Posted by James Lehman, MSW

Is paying kids for good grades a good idea? An article in USAToday this week mentioned that some states are getting in on the act–and paying students for good academic results.

In my home, we had a system where if our son got on the honor roll, he got a monetary reward—one we could afford. Not one that was a stretch for us. If he didn’t get on the honor roll, he didn’t get punished. He just didn’t get the reward. And I asked him, “What did you learn from this?” And, “What are you going to do differently next time to make the honor roll?” We focused him on the steps to take to get the reward next time. That fit our family just fine. Yes, we used money. But this is a decision that has to be made on a family by family basis.

Rewards motivate kids reach their goals. It’s that simple. Rewards need to be things kids understand and value. The reward should be child-focused, and parents should have a menu of things that their children like and will work for as an incentive to teach performance and achievement. There’s nothing wrong with money. If you have it to give, use it as one of the items on the menu. The fact is, we all work to get paid. We look to sources outside of work to develop personally, physically, emotionally and spiritually. We try to better ourselves to be better rewarded. There’s nothing wrong with that. What does your child value? More one-on-one time with you? A movie outing with friends? 15 bucks? Create the menu with your child and offer the reward he values. It will keep his eyes on the prize and give him a way to meet his goals that he will understand.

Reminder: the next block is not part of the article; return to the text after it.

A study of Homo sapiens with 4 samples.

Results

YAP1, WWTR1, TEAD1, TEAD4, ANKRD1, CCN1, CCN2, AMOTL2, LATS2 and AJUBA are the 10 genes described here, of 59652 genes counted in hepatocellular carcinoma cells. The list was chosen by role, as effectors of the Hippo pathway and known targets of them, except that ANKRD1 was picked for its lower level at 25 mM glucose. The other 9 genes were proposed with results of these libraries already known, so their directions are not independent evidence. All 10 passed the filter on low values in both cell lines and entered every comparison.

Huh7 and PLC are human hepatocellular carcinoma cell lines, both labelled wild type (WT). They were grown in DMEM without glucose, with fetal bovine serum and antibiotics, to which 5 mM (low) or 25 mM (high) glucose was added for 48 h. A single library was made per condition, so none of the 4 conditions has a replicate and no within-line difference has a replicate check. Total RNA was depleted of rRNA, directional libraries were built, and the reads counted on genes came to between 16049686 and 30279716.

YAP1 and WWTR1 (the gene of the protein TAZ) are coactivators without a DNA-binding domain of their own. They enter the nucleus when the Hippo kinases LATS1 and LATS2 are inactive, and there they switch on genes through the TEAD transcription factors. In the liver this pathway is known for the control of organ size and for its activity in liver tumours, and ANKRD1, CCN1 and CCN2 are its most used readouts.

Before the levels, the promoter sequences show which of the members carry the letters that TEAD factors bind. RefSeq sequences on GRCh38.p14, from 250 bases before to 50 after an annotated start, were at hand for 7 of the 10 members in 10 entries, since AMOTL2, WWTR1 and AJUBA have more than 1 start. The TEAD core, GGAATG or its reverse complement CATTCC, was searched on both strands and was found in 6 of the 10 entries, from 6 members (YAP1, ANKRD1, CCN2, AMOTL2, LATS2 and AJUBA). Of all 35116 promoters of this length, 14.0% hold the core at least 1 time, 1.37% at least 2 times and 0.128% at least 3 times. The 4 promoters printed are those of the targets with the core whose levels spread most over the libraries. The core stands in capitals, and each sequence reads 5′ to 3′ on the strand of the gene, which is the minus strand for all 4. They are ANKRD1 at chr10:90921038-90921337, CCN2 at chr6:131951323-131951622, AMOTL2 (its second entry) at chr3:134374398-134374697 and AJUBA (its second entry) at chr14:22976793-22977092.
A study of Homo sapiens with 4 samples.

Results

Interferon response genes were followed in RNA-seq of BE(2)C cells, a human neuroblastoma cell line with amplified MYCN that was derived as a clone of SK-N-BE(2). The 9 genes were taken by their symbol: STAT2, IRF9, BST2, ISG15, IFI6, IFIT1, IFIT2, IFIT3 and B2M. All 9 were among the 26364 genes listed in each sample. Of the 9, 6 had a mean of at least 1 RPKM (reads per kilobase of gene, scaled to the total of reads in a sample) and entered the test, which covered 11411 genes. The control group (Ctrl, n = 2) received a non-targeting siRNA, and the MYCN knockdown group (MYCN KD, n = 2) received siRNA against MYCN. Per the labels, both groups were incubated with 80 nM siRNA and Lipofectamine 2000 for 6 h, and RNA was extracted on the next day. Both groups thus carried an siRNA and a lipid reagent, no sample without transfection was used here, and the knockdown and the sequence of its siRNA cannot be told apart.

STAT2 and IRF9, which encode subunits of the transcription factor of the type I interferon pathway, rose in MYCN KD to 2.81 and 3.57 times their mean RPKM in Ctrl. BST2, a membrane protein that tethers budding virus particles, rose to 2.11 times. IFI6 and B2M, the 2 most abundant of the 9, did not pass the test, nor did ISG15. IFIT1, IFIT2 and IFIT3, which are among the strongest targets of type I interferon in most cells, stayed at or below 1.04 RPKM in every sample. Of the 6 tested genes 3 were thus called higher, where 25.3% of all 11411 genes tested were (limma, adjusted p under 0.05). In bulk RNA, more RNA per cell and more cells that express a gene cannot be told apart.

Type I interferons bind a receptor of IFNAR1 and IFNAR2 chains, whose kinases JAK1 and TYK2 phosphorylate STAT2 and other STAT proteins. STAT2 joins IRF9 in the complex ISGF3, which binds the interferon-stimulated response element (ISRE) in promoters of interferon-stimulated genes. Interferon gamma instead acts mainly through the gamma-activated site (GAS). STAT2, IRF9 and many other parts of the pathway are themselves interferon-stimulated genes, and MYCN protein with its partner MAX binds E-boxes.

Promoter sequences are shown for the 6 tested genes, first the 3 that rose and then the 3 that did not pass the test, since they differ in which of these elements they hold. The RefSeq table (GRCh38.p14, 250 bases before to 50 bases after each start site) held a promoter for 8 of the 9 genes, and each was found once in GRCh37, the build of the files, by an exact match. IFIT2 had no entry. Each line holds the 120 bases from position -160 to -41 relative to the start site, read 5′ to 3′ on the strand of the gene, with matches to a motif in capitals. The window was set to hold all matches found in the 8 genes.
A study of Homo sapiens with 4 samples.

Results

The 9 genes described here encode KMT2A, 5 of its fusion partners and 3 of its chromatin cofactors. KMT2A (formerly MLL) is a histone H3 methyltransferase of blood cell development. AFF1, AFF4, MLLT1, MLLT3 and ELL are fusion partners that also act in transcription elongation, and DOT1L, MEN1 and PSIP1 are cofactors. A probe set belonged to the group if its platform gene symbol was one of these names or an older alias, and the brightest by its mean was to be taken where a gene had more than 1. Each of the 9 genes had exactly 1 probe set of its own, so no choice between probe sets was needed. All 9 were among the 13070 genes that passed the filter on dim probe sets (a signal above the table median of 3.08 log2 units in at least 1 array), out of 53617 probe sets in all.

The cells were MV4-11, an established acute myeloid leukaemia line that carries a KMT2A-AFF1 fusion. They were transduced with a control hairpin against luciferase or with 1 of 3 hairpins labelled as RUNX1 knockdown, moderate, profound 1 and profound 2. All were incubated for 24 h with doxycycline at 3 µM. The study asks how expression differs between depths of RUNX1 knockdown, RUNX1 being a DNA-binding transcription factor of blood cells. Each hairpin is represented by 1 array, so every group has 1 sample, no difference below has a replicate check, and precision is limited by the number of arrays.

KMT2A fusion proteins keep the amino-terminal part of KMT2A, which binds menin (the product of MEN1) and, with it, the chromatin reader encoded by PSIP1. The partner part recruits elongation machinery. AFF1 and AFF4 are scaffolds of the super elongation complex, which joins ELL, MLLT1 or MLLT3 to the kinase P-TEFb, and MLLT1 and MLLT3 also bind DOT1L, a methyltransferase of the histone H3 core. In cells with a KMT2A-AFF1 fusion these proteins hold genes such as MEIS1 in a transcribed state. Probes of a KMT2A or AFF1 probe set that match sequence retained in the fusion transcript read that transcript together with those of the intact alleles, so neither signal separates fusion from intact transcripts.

About James Lehman, MSW

James Lehman, who dedicated his life to behaviorally troubled youth, created The Total Transformation® Program, The Complete Guide to Consequences™, Getting Through To Your Child™, and Two Parents One Plan™, from a place of professional and personal experience. Having had severe behavioral problems himself as a child, he was inspired to focus on behavioral management professionally. Together with his wife, Janet Lehman, he developed an approach to managing children and teens that challenges them to solve their own problems without hiding behind disrespectful, obnoxious or abusive behavior. Empowering Parents now brings this insightful and impactful program directly to homes around the globe.